FNP for peds?

  1. My local university has an FNP program, and the closest PNP program beyond that is far enough away that it would require a move (not an option b/c of family). I really prefer a face to face program (I'm better at online, but learn more face to face), so online is out.

    Is it common for FNPs to work in peds in primary care? I haven't seen that we have any FNPs in pediatrics locally, but to be honest, I don't know if there are any APNs in practice locally at all, except for a couple of midwives. We have PAs, and a couple of them are in pediatrics.

    I see the number of PNP programs are few, so my assumption is that it is common for FNPs to work in pediatrics, but that could be wrong.
  2. Visit ixchel profile page

    About ixchel, BSN, RN

    Joined: Jun '11; Posts: 5,171; Likes: 19,983


  3. by   foreverLaur
    [FONT=lucida sans unicode]The Children's hospital in my area is a top 10 children's hospital in the US. Most of their job postings state: " Satisfactory completion of a PNP or FNP program." The only time you might be challenged is if you wanted to work in pediatric acute care inpatient (such as in a PICU) as most hospitals do want an acute care certification. If peds primary care is your goal, I think you could do it with FNP.
  4. by   KelRN215
    I work in pediatrics, the vast majority of the NPs I work with are PNPs but, in Boston, there are a ton of these programs around. I have worked with NPs who were FNPs working in peds as well as RNs who chose to go the FNP route when they went back to school. Personally, I think FNP gives you more options when you're done with the program. In my area, most NPs in pediatric practices are PNPs and jobs in primary care are extremely difficult to find but if there aren't a lot of PNP pograms in your area, I'd imagine an FNP would be acceptable, as long as you have pediatric experience.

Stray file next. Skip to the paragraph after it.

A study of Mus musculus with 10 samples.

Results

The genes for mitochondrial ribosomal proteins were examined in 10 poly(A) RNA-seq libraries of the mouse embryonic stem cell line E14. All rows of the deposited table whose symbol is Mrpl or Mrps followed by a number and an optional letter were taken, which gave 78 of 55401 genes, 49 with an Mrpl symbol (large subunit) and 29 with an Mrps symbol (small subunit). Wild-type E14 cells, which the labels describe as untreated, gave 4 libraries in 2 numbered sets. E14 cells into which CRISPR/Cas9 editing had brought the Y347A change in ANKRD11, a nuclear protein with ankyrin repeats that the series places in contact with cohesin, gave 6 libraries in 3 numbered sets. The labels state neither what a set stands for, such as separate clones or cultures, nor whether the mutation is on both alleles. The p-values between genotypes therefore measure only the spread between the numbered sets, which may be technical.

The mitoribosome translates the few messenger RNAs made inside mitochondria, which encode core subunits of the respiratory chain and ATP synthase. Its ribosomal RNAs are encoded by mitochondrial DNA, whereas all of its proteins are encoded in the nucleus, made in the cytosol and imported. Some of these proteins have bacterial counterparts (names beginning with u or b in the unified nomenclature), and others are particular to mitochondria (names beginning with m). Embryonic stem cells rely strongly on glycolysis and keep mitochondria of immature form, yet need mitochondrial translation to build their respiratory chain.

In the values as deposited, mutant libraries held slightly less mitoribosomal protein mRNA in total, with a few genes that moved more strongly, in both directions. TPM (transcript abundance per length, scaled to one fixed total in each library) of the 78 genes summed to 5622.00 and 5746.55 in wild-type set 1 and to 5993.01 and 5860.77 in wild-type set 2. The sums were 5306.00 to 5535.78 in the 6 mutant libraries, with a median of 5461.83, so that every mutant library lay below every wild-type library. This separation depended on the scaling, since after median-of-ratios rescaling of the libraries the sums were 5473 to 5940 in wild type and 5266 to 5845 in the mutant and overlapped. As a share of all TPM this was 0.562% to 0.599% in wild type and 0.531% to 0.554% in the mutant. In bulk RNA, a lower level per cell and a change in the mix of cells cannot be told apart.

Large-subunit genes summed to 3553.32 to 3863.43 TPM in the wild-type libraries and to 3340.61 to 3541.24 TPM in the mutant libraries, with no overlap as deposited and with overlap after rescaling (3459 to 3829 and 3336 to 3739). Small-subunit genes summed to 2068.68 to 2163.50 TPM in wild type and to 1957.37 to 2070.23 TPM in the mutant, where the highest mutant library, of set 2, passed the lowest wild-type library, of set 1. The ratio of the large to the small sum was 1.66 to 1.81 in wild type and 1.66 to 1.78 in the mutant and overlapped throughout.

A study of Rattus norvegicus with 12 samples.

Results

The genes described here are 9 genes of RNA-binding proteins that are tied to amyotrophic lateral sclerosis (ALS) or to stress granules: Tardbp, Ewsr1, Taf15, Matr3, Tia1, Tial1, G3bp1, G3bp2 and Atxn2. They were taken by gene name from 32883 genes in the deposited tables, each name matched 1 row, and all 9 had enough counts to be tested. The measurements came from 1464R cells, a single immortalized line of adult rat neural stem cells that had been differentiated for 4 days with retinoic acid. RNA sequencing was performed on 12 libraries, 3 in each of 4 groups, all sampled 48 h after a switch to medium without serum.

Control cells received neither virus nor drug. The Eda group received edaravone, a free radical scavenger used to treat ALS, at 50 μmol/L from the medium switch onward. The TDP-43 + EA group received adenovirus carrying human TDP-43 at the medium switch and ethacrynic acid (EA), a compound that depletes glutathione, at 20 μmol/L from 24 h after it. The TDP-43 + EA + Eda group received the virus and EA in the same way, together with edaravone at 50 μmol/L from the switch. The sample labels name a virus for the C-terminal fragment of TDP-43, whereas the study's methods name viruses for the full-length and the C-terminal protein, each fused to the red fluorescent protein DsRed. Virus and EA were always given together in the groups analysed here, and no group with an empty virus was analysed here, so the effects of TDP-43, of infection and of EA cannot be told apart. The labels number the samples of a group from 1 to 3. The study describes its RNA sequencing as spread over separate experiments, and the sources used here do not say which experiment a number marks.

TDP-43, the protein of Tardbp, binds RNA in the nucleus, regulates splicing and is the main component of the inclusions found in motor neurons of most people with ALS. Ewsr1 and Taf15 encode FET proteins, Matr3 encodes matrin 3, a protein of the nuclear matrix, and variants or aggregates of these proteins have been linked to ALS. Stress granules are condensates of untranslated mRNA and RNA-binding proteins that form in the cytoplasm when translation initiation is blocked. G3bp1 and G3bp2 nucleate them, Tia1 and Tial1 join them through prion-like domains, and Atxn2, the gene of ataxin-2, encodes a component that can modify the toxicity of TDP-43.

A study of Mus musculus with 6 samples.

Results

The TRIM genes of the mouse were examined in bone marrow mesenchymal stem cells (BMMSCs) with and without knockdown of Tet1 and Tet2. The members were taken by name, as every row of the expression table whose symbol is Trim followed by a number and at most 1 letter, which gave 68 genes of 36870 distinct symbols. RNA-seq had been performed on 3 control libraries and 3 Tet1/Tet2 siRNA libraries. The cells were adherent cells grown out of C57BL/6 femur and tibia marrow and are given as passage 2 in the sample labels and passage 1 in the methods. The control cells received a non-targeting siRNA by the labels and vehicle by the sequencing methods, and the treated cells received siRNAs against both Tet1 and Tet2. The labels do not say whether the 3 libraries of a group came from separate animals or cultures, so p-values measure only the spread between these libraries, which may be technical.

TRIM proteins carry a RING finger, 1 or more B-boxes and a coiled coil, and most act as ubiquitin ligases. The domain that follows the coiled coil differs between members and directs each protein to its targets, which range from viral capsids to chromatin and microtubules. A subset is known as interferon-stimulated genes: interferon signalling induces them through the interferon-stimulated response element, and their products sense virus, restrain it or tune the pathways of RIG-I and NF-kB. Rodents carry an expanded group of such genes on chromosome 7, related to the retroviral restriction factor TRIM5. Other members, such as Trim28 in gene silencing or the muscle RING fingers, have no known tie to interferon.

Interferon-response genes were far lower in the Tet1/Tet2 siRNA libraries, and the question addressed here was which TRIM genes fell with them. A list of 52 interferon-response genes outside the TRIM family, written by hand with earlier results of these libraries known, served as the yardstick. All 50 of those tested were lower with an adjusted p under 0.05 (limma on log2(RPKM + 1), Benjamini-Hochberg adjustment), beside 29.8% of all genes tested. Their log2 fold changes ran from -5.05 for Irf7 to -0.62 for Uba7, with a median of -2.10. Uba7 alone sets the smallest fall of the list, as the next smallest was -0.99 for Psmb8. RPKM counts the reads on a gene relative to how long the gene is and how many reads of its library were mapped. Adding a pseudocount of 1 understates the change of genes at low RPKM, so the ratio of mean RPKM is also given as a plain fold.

5. by   ixchel
    See, that's what I've been thinking about FNP. I enjoy the flexibility of it. After I posted here I looked at job listings and saw a PNP position for a local co-op sort of place that contains all versions of primary and obstetrical care. They were specific in their requirement that the candidate be a PNP.

    I'm just getting way ahead of myself now, I think. I used to like the idea of going direct entry in masters programs to get it all done and move on with life, but now I'm wondering if it is really possible to know and understand the market for APNs without working in it as an RN for a bit first.